The covid-19 crisis has created new challenges in the joint efforts among the real estate associations NCREIF, PREA, INREV and ANREV to standardize reporting standards globally. “It’s highlighting any extent of inconsistencies in reporting of asset specific information,” says Kronenwetter. “That’s where I see the biggest change.”

In June, NCREIF and PREA developed a guide for disclosures on covid-19-related rent relief, which includes templates for managers to provide a general summary of waived rents and deferred rents and a general assessment of rent collectability.

Kronenwetter believes rent relief will be an ongoing reporting issue for the foreseeable future. “I do think over next 18 months to two years, we’re still going to be talking rent relief in one form or another, because it’s going to morph into differences in how leases are negotiated.”

She also expects covid-19 will lead to new reporting requirements long term: “When you come out of a crisis, there’s always something that sticks. And I believe that some of the asset specific or investment specific challenges we’re facing now and things that investors are going to need are going to stay.”

Similar to NCREIF, INREV has also issued a rent collection disclosure template, as well as guidance on reporting and liquidity considerations for managers relating to covid-19.

“The need for timely data and the ability to monitor the performance, monitor the risks through standardized reporting has become critical, especially now as we’re living in this uncertain environment,” says Constantin Sorlescu, director of professional standards at INREV. “I would say the industry is more prepared than before to tackle this crisis in terms of reporting and transparency.”

MaryBeth Kronenwetter, NCREIF

In Europe, ongoing efforts at reporting standardization included the issuance of the INREV Standard Data Delivery Sheet, which aims to standardize information exchanged between a manager and an investor; and INREV NAV, which is intended to more accurately reflect an investment’s  economic value by addressing inconsistencies in how net asset value is calculated as a result of different accounting principles in each jurisdiction.

When it comes to global standardization, “it starts first with acknowledging there are differences and looking for the source of those differences,” Sorlescu notes. For example, many European investors were initially confused by US terminology, such as an “investment management or advisor fee,” which was actually the equivalent of a “fund management fee” in Europe.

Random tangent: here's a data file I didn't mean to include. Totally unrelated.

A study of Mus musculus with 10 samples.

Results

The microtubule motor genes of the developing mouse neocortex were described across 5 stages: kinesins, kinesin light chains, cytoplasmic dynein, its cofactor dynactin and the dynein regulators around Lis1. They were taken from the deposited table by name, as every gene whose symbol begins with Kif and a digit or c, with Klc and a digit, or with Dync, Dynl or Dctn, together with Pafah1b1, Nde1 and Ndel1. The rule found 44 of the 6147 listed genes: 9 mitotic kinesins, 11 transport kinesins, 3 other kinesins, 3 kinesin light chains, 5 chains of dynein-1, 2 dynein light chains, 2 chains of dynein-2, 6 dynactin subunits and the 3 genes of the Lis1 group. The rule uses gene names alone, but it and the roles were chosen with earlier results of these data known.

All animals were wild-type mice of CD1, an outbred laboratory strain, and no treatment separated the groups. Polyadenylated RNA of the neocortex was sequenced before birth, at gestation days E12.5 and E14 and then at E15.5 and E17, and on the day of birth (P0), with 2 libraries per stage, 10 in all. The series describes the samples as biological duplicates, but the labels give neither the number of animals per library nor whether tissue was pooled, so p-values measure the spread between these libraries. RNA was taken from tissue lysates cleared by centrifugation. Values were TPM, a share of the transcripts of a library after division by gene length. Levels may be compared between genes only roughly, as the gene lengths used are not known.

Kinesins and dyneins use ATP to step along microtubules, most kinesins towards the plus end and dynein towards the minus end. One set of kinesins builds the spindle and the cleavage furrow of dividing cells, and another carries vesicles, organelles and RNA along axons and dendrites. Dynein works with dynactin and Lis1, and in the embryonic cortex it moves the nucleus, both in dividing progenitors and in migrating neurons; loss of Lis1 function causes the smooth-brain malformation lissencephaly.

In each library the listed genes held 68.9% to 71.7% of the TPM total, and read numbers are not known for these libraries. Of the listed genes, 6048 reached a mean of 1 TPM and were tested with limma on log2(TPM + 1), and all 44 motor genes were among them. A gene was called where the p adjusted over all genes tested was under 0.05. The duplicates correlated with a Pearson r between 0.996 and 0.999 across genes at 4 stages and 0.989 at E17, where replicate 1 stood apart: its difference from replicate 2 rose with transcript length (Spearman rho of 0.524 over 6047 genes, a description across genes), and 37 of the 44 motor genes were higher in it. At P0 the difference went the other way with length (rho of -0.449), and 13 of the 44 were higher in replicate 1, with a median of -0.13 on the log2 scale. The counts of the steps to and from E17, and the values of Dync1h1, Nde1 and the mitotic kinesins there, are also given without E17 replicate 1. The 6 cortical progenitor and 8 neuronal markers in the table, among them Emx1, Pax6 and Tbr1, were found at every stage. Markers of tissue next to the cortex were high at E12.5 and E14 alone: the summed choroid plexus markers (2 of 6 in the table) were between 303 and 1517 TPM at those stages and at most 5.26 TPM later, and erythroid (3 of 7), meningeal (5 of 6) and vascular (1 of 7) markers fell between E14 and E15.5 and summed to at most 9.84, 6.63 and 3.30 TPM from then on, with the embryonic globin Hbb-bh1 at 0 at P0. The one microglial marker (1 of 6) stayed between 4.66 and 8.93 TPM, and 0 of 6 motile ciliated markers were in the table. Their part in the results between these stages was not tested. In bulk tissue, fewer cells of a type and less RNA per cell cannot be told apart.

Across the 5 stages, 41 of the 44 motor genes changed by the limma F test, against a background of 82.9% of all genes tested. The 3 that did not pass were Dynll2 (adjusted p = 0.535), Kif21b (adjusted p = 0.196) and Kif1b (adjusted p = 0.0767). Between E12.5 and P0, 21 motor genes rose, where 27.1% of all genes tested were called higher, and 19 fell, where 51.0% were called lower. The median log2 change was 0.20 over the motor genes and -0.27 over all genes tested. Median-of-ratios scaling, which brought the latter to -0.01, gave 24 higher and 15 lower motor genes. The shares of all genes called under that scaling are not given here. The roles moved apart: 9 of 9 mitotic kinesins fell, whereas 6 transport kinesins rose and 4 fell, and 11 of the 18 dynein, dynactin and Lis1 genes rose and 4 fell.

“When we started actually looking behind the fees charged across regions and understanding what were the services behind those fees, we figured out we were talking about similar terms or fees,” he remarks. To address such confusion, in 2017 the four industry groups jointly unveiled the Global Definitions Database, which includes close to 500 terms, about a quarter of which are globally agreed.

The latest milestone in the global standardization initiative was the introduction in January of the Total Global Expense Ratio, which is a standardized approach for measuring the total fees and costs of real estate investment vehicles to enable investors and managers to compare vehicles across different regions. TGER will be a reporting requirement under the NCREIF PREA Reporting Standards and, beginning in 2021, the INREV Guidelines, the reporting best practices adopted by both INREV and ANREV.

The four industry groups continue to look at ways to globalize and standardize NAV, while in the US, NCREIF and PREA have been working on standardizing the meaning of gross internal rate of return, which currently can reflect all cash flows, including subscription lines of credit; cash from investors only; and cash from investors only minus transaction costs.

“When we think about reporting standards, I think of a process like peeling an onion,” says Kronenwetter. “Developing standards is never over and we will continue to do things that peel the onion.”